Friday, June 29, 2012

Politeness is the new impoliteness

It's been ages since I last felt like writing here. Since in the last post I mentioned I had a loved one who slipped into a coma, this blog just kept reminding me of that, I didn't want to come back here. Because in October, unfortunately, a pneumonia caused his death.

This was obviously not a pleasant time, especially when his family turned out to be very much in love with his money and the possessions he had had. It's always nasty to see people turn greedy, especially since they had hardly ever been around during his life. In such times it is, for me at least, impossible to be nice to everyone.

And I think that is one of the lessons I learned from the assignment I had given myself when I started this blog. I actually learned quite a lot from this blog, as little as I wrote on it. The experiment lived on, though, just without me writing about it. So did I fail? Yes. Miserably. For the first time since I was 16 I was ill in bed all day one day in the Winter and thus broke the 365 days rule. It was quite the pity, but again: I still have learned so much about myself, other people and even society.

What I learned was, that it is easy to be nice to at least one total stranger a day - provided you are healthy enough to actually make contact with other people, be it in person or online. But: it is virtually impossible to always be nice. What was interesting for me was the why behind that. I thought it was just because some people aren't all that inviting to be nice to - let's say I see a big bald guy with a swastika tattooed in his neck; I wouldn't be able to wish him a lovely day and actually mean it. I'm just not that... Enlightened. And I knew this before I started this little project.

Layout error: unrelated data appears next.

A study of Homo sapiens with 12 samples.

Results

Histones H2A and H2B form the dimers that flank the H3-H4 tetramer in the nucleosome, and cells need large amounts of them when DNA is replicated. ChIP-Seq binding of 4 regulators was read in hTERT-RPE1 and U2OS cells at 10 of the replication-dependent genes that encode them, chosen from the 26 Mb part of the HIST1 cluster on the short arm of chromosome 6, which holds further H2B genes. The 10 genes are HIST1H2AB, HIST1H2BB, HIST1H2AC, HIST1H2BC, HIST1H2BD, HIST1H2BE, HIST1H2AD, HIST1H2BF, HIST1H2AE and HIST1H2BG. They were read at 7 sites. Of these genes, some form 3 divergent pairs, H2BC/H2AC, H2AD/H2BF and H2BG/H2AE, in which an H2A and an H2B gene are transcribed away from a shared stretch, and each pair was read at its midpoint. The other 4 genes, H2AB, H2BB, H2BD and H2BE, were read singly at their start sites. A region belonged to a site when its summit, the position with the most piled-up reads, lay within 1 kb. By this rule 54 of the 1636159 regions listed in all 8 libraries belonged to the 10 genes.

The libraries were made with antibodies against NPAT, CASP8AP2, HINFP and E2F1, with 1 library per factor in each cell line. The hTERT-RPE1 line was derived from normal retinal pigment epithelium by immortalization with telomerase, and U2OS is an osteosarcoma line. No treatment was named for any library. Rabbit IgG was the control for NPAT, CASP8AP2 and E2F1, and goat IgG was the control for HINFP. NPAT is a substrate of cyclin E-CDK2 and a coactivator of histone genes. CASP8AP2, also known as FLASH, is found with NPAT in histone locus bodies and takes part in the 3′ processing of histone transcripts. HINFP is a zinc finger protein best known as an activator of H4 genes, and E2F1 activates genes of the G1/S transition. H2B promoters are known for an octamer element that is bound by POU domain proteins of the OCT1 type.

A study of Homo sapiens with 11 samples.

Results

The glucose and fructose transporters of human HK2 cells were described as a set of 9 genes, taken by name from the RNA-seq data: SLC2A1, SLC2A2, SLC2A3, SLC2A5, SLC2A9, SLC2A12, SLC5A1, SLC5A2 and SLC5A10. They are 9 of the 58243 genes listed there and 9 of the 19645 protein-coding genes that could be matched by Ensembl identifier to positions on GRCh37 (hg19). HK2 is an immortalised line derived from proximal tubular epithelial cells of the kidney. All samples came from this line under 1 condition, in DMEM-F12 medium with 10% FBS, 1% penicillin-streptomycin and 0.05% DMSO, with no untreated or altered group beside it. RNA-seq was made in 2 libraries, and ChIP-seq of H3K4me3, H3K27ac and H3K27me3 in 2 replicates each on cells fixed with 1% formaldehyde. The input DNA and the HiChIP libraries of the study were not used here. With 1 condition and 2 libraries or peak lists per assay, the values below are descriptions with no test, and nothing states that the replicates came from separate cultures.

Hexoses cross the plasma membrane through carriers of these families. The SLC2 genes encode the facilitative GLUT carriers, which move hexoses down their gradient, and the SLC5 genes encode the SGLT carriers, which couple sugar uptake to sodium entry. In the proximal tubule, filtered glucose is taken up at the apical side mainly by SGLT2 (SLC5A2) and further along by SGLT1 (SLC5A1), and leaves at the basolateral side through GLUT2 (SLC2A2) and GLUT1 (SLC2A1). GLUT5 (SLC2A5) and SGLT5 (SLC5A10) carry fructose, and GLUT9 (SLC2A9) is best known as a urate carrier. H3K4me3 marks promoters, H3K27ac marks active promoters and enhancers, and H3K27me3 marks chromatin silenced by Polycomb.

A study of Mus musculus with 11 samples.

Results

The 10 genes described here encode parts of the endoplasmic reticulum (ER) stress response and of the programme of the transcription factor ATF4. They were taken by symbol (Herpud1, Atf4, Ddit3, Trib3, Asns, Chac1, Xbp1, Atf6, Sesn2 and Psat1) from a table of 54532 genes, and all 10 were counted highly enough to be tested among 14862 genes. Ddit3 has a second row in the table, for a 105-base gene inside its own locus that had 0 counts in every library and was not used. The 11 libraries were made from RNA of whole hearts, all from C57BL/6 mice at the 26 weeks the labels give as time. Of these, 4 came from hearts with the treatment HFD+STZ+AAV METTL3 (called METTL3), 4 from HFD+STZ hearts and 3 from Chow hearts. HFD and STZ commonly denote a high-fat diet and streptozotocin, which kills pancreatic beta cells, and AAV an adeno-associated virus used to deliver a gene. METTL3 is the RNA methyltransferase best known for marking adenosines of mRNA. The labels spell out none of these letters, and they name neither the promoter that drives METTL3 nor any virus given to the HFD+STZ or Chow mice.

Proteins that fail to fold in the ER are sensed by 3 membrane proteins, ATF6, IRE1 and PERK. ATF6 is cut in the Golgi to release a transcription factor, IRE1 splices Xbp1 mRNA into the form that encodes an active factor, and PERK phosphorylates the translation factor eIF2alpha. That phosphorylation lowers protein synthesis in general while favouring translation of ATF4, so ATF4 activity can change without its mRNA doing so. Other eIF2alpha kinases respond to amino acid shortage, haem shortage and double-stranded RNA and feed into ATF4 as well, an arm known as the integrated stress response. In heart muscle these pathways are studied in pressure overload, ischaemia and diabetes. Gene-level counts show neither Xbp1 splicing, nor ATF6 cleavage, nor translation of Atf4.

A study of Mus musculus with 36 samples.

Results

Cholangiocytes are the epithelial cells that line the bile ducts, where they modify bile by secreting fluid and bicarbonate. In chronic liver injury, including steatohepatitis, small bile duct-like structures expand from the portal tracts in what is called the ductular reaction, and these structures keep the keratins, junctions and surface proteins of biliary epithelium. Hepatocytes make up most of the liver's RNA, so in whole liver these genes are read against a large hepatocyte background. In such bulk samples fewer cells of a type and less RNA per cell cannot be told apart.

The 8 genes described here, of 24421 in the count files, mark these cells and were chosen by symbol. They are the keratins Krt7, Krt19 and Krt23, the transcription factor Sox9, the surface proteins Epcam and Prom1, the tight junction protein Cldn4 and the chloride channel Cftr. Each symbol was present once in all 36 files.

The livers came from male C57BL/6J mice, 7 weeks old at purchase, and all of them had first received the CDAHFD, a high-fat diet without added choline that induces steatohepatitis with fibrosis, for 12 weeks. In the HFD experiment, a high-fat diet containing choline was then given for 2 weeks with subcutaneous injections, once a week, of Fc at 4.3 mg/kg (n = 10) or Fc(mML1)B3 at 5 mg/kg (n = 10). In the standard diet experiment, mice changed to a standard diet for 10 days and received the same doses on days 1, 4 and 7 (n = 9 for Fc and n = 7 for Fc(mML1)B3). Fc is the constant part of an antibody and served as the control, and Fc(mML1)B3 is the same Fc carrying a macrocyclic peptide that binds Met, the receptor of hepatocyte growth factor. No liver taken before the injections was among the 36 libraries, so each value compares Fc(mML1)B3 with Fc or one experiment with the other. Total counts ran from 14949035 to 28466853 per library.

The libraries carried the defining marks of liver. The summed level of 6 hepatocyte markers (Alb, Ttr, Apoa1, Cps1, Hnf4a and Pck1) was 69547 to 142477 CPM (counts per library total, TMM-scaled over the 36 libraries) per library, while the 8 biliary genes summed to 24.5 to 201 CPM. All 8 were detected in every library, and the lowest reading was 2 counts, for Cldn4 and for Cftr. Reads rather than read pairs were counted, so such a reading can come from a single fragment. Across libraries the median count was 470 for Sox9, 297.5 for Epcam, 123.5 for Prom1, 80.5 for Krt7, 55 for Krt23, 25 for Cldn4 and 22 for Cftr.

So what did catch me by surprise? I found out that being kind these days is actually rude. Seriously rude. You're sitting there, all by yourself, on a bench, trying to update your facebook status and someone interrupts you by saying: 'Hi!' What the hell did they do that for? Now you're all distracted and you have to pull yourself back together and pretend you didn't hear the passerby, as there can only be one explanation for their friendliness: they need you. They want your money, your time, directions, advice on what time the grocery store closes... Whatever it is: you don't have the time because, flippin' hell, can't they see you are very much in the middle of doing something? Doesn't your whole body shout: 'I am outside, but by all means: I am trying to digitally socialize with people I know, so f*ck you, stranger. All you do is take, take, take.'

And that's probably because indeed, we do want to be left alone by strangers as much as possible. We have all accidentally spoken to some lone walker or straphanger who turned out to want nothing but money or someone to talk to for an entire commute, when we thought they were just going to ask if this indeed is the train to the centre. Polite is the new impolite. That's what I learned. This was kind of a bummer for me, but I still manage to be nice to at least one person a day, as I also learned to realize when being nice isn't seen as an invasion or an attempt to get something in return, but actually as a pleasant break from all the pretending not to be sharing the city landscapes.